Best Books of 2011

As a blogger, one of the best things I love about the year’s end is that I can write a definitive “Best of [insert year here]” list. So, in the next couple of days, I’ll be writing and posting my 2011 definitive list in different categories. I’ve already done my list for comicsgames and films. Today, my list is for the best books of the year.

I’ve read 13 books this year. That’s actually an improvement over last year’s number (only read 8 books in 2010). Although some of the books I’ve read weren’t 2011 releases, and most were just trashy sci-fi and fantasy. I also missed some big releases like A Dance with Dragons (because I’ve yet to read A Feast For Crows), and also failed a promise to myself to read IQ84. Still, I’m happy with the books that I’ve read this year.

Anyways, my 5 favorite books that I’ve read this year:

#5. Pulphead: Essays
By John Jeremiah Sullivan

A contributing writer for The New York Times Magazine, I didn’t know who John Jeremiah Sullivan prior to Pulphead: Essays. But after reading 14 of his essays in this book –with topics ranging from Axl Rose, hanging out with the cast of The Real World, and his life as an apprentice to Andrew Nelson Lytle, I became an instant fan. I just wish I could nearly write essays like this guy.

#4. Ready Player One
by Ernest Cline

Ready Player One is the most enjoyable book I’ve read in recent years. Like the movie Super 8, it reminded me of my childhood during the 80’s. This book is not for everyone though. But if you’re a geek like me, who enjoyed movies like Blade Runner, listened to bands like Rush, owned an Atari 2600, and played pen & paper role-playing games, then you’ll love this book.

#3. All Men of Genius
by Lev AC Rosen

All Men of Genius isn’t original. For one, it’s the steampunk version of Harry Potter. It also borrowed ideas of cross dressing and mistaken identities from Twelfth Night and The Importance of Being Earnest. But it’s well-written and genius, nonetheless. It’s a very entertaining book filled with humor and commentaries about roles in society. I really enjoyed reading every page of it.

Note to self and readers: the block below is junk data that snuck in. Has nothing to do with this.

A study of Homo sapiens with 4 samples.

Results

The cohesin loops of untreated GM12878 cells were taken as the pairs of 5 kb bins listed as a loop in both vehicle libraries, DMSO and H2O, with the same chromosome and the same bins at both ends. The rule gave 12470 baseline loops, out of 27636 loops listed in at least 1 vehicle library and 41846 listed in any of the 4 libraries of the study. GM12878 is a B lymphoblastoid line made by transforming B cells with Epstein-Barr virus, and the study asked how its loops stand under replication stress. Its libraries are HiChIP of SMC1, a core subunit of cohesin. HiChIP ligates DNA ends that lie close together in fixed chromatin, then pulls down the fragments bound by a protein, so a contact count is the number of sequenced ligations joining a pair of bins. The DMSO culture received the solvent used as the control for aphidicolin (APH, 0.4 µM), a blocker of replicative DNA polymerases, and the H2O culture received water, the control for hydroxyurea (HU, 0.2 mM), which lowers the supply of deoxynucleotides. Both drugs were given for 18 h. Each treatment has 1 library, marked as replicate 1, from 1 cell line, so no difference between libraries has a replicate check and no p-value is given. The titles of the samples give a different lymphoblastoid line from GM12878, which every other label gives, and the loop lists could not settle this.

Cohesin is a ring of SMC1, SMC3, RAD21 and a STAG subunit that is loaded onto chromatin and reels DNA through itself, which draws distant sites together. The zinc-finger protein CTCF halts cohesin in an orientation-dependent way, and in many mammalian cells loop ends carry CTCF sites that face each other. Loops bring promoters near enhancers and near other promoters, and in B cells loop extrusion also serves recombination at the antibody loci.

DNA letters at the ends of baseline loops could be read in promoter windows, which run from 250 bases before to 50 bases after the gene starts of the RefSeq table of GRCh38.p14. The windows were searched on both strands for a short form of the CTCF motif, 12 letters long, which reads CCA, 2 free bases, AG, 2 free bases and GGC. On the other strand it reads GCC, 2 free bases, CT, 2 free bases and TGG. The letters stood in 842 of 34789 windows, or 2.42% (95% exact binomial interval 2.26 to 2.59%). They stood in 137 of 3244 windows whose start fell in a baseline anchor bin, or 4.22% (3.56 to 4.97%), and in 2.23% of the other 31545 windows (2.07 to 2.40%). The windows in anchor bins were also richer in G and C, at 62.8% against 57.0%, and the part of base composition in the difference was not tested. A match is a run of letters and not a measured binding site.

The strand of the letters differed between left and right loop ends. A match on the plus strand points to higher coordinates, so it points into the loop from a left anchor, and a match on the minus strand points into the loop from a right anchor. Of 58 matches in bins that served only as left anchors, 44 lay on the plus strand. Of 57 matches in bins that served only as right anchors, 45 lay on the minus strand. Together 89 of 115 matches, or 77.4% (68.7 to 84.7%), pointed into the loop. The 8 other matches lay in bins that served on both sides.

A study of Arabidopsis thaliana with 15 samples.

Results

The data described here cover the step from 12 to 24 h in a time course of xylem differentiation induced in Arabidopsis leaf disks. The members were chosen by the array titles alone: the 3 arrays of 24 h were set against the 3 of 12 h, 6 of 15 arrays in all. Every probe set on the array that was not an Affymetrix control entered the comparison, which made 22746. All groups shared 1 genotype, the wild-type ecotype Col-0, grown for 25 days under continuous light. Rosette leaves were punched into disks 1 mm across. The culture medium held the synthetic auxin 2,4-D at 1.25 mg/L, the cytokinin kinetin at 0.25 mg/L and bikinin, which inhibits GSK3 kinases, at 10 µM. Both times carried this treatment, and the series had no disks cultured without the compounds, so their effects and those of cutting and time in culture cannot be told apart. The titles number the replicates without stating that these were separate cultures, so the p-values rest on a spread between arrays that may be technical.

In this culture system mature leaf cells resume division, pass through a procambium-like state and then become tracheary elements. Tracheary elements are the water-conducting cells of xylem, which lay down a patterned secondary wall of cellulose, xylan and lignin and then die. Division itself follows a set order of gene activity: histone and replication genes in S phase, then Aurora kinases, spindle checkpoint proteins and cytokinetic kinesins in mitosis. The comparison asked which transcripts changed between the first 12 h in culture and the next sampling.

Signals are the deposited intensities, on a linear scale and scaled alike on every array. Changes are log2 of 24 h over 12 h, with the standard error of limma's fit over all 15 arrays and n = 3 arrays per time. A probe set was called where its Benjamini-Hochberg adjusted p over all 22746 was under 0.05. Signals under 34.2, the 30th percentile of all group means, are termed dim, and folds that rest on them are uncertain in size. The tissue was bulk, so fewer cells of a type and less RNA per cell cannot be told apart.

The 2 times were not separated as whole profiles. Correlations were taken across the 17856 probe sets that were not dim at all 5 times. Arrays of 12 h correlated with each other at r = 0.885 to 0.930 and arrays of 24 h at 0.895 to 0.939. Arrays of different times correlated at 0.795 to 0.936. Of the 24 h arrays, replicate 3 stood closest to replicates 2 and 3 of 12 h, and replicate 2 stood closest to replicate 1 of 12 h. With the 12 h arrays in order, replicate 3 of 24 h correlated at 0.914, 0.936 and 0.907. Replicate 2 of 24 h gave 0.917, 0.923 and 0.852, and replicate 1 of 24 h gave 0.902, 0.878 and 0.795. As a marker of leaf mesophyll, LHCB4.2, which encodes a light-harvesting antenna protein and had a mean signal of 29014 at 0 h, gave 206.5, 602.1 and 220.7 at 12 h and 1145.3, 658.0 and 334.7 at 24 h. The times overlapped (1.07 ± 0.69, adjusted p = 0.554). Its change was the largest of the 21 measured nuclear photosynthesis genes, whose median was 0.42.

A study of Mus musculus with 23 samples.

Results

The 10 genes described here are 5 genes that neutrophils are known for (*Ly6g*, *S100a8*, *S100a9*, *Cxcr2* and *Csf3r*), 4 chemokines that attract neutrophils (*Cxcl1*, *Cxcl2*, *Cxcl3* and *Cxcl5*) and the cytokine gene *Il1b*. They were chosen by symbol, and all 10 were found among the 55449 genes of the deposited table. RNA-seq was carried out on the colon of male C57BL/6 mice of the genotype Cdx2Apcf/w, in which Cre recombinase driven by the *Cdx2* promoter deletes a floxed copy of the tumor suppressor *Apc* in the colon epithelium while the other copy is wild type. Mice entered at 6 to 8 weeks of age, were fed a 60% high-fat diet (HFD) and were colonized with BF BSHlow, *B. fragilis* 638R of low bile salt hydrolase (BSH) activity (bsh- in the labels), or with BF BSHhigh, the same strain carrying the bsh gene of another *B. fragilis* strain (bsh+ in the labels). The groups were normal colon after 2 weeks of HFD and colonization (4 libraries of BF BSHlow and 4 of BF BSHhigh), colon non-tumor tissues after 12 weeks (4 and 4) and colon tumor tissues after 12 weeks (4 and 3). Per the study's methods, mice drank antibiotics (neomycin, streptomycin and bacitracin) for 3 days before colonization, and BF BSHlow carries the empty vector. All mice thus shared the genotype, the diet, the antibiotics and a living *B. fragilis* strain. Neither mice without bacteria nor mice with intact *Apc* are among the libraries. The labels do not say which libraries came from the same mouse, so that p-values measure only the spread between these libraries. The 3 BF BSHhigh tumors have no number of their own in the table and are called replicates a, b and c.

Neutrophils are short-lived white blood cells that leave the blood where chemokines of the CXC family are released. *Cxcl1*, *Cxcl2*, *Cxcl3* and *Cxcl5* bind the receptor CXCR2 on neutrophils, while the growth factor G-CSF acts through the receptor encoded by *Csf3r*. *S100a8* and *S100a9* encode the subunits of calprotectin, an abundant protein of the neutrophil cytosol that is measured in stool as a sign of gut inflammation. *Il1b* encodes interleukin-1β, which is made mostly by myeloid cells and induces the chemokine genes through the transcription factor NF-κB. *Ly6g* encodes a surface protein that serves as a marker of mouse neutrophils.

#2. Embassytown
by China Mieville

This book, I have to read twice. It gave me a nosebleed the first time I read it. It’s a hard sci-fi book with concepts that I didn’t quite understood. But the book became a beauty after I re-read it. Embassytown is unlike other sci-fi books. It’s not a space opera with lots of alien sex. But, instead, it focuses on the science of language and communication, of how important it is.

#1. Lost in Shangri-La
by Mitchell Zuckoff

Set in WWII Pacific Theater, Lost in Shangri-La is the story of the search and impossible rescue of 3 plane crash survivors in an uncharted valley, believed to be inhabited by 7 foot cannibals, in Dutch New Guinea. This is the best non-fiction book I’ve ever read. The narrative here is so good that, sometimes, I forget that it’s not a work of fiction.

So, these are my best books of 2011. I hope you guys like my list. Tomorrow, I’ll be posting my last list, which is the “Best Albums of 2011”.


  1. I’ve only heard of China Mieville with his The City & the City novel, which i have never got around to reading. I’m actually a bit intimidated by him. The author is weird.

    • Skron says:

      Yeah. He’s a bit intimidating. He was at C2E2 earlier this year and I bought my copy of Perdido Street Station to be signed. But I backed out because I got scared. He’s just too freaking smart and weird. His piercings were a bit imposing too.